United Church of Christ supports Fair Food Program, Wendy's boycott
The church is now the third religious group to stand behind a campaign driven by the Coalition of Immokalee Workers (CIW).
Pressure is mounting against one of North America's leading fast food chains to join the Fair Food Program, a tomato worker support initiative with signatories including Subway, McDonald’s, Whole Foods, Chipotle, Sodexo, Trader Joe's, Walmart, Ahold USA and Whole Foods.
Spearheaded by the Coalition of Immokalee Workers (CIW), the program has expanded beyond Florida-grown tomatoes to include new crops and states.
The CIW has pushed for several large retailers and foodservice outlets to join the scheme, but now several external groups have come out in support of a boycott of food chain Wendy's until the company joins.
Joining the Presbyterian Church (U.S.A.) as well as T’ruah: The Rabbinic Call for Human Rights, the United Church of Christ (UCC) has taken a stand alongside farmworkers and formally endorsed the Wendy’s boycott.
The church has about one million followers in the United States, and supported the CIW in a previous boycott against Taco Bell which ultimately proved successful in 2005.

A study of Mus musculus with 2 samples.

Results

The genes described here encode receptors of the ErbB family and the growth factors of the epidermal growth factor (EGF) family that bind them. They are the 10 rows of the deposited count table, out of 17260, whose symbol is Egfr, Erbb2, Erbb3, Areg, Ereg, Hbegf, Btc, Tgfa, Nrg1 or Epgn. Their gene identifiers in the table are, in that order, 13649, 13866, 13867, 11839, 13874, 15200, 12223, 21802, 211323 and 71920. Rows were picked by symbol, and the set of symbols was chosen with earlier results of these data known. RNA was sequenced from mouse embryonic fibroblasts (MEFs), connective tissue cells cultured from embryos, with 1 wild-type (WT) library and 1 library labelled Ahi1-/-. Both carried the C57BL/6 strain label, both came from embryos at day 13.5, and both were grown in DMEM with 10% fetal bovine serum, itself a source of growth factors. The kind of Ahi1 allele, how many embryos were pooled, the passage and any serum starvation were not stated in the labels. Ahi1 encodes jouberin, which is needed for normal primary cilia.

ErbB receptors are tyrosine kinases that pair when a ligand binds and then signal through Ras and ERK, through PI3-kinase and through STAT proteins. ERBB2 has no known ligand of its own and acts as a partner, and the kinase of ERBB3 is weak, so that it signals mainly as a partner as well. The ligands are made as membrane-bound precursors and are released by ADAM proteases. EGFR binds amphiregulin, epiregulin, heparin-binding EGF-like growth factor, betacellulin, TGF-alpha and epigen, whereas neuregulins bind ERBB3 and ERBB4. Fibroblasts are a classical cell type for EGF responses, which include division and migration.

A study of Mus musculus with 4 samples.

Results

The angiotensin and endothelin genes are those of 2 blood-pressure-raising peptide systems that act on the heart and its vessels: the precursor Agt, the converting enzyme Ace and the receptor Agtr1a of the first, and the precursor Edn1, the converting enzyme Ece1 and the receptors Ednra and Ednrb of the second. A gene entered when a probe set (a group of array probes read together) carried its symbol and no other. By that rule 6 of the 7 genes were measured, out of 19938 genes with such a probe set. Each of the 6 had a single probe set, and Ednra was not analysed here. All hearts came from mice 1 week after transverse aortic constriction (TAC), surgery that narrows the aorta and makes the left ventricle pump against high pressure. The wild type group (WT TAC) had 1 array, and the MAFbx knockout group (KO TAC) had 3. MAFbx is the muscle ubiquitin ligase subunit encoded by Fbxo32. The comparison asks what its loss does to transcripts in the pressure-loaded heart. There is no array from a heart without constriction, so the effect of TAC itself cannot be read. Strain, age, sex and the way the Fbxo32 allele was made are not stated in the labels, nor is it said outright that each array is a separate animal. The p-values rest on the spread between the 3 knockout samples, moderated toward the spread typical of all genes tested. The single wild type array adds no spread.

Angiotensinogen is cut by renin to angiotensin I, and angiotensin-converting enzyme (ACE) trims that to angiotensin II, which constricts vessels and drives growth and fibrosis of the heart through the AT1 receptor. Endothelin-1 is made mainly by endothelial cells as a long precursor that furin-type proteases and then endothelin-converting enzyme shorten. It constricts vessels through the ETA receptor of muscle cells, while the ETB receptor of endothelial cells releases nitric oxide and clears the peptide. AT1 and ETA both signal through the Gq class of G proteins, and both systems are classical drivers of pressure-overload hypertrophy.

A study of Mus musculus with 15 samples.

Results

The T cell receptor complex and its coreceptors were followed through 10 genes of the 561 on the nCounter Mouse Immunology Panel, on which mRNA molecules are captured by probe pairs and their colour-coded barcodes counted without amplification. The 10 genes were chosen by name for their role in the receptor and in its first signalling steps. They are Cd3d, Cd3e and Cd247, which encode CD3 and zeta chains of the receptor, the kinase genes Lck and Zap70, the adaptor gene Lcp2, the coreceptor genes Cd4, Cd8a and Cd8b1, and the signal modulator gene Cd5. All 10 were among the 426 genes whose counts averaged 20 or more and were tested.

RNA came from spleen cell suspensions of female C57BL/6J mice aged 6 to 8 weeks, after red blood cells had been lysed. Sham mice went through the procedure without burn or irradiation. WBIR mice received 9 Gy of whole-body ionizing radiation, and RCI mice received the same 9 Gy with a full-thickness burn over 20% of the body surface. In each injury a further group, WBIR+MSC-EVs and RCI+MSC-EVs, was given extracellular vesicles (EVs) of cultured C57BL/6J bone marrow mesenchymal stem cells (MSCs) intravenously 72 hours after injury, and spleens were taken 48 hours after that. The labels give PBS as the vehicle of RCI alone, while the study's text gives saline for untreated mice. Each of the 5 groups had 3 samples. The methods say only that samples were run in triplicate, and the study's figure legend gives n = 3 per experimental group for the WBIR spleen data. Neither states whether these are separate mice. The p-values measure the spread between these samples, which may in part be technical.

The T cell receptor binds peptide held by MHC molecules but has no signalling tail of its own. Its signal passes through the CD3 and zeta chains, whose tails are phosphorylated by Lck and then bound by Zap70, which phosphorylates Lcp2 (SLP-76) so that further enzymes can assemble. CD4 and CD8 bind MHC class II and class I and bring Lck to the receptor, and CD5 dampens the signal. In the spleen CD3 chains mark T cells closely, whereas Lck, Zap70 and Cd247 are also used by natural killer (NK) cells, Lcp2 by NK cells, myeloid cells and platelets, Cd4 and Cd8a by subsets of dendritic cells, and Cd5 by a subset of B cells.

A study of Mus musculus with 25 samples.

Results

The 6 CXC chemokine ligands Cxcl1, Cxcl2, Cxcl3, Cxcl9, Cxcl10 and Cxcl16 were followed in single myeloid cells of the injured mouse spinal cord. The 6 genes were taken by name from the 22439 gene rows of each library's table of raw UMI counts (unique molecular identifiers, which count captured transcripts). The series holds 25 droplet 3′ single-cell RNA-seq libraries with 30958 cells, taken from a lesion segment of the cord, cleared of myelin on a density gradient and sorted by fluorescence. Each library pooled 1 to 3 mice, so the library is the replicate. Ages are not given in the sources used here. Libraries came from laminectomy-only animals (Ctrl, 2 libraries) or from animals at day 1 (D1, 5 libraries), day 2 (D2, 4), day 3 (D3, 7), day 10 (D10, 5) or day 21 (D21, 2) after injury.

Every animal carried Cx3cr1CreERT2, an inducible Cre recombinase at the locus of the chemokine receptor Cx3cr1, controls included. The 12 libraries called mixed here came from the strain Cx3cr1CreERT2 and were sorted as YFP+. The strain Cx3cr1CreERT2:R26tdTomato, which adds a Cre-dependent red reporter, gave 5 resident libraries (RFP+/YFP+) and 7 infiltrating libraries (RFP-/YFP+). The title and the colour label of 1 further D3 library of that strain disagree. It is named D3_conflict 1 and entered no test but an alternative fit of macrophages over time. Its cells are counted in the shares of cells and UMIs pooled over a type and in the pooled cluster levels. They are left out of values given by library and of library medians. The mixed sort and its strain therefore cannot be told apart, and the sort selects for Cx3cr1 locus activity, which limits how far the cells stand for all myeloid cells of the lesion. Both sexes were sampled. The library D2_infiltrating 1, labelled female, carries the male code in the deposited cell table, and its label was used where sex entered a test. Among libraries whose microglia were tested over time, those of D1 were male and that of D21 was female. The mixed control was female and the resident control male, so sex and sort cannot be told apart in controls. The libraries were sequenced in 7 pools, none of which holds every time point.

"The United Church of Christ has a long history of standing with farm workers against the injustice and invisibility that often accompanies the labor that satiates our consumerism," said the church's Reverends John C. Dorhauer and Dr. Traci D. Blackmon in a joint statement.
"For ten years the Coalition of Immokalee Workers has asked Wendy’s to join other industry partners, by participating in the Fair Food Program in partnership with tomato growers, farm workers, and buyers, to improve the lives of farm workers.
"For 10 years the request has been simple and fair: a zero-tolerance policy for slavery and sexual harassment, an additional penny per pound of tomatoes picked, and a formal grievance policy to address worker concerns."
The Reverends said the church's members' comforts could not be provided "at the expense of our neighbor’s discomfort".
"For 10 years the request has been simple and fair: a zero-tolerance policy for slavery and sexual harassment, an additional penny per pound of tomatoes picked, and a formal grievance policy to address worker concerns," they said.
"Ten years is long enough to simply ask a major corporation to do the right thing."
Readers can click here for a more in-depth explanation of what the Fair Food Program means for farm processes and farmworker treatment.